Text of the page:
Forging the Elements and Probing the Universe with Stars
Coordinators: Lars Bildsten
* The Sunday class is now full.
* The Best Western South Coast Inn is sold out Friday, March 16th.
* There are rooms still available for Saturday night March 17th and Sunday night March 18th.
We have understood for 70 years that stars live for a long time on the energy released by nuclear fusion, and that elements heavier than helium are made in their deep interiors. In the last ten years, we have learned that stars can live and die in new ways and make extremely heavy elements. Stars have also proved their lasting value as probes of the early universe, revealing star formation at very early times in the universe via their dramatic collapse and appearance as gamma-ray bursts, and exposing cosmic acceleration for the first time.
Geared toward secondary school physics teachers. KITP is eager to include teachers from population groups under represented in physics.
Some financial support will be available.
Lars Bildsten, KITP, UCSB, coordinator of conference
- LARS BILDSTEN is Permanent Member at the Kavli Institute for Theoretical Physics and Professor of Physics at University of California, Santa Barbara. He gives frequent public lectures on topics ranging from stars to the physics of California. His research interests include stellar explosions, oscillations on stars, and the emission of gravitational waves from neutron stars in our galaxy.
- ROBERT P. KIRSHNER is Harvard College Professor of Astronomy, Clowes Professor of Science, and Master of Quincy House at Harvard University. He is the instructor for a large course in Harvard’s Core Curriculum for non-scientists dubbed “Matter in the Universe.” A member of the National Academy of Sciences, he is a frequent public speaker on scientific topics, and the author of “The Extravagant Universe: exploding stars, dark energy, and the accelerating universe”.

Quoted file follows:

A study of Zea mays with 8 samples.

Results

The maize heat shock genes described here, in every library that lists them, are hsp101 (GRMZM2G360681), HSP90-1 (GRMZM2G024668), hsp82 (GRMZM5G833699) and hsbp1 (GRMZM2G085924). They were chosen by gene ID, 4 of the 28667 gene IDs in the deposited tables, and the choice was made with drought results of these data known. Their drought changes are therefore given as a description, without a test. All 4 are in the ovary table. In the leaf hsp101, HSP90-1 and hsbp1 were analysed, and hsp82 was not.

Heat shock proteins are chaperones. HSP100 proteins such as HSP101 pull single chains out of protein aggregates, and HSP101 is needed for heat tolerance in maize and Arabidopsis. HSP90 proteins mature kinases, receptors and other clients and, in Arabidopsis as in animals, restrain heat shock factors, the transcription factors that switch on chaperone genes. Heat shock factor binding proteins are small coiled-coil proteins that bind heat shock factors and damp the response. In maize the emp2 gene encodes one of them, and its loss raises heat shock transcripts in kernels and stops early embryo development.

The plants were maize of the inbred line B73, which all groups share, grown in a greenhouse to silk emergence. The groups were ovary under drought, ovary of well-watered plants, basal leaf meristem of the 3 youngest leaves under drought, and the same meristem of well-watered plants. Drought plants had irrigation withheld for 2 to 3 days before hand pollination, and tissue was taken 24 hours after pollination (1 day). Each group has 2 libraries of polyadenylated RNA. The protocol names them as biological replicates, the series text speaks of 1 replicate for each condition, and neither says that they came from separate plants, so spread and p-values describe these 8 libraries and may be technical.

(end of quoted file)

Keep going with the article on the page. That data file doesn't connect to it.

- HENDRIK SCHATZ is Professor of Physics at Michigan State University and the National Superconducting Cyclotron Laboratory and is co-founder of the Joint Institute for Nuclear Astrophysics. His research focuses on nuclear processes in extreme astrophysical environments and includes experiments with rare isotope beams and theoretical modeling.
- EDWARD VAN DEN HEUVEL is Professor of Astronomy at the University of Amsterdam, where he was Director of the Astronomical Institute until 2005. He served on national and international committees and advisory boards and chaired the Netherlands Space Research Organisation and the Netherlands Foundation for Research in Astronomy. His research interests are stellar evolution and high-energy astrophysics, particularly focused on the formation and evolution of neutron stars and black holes.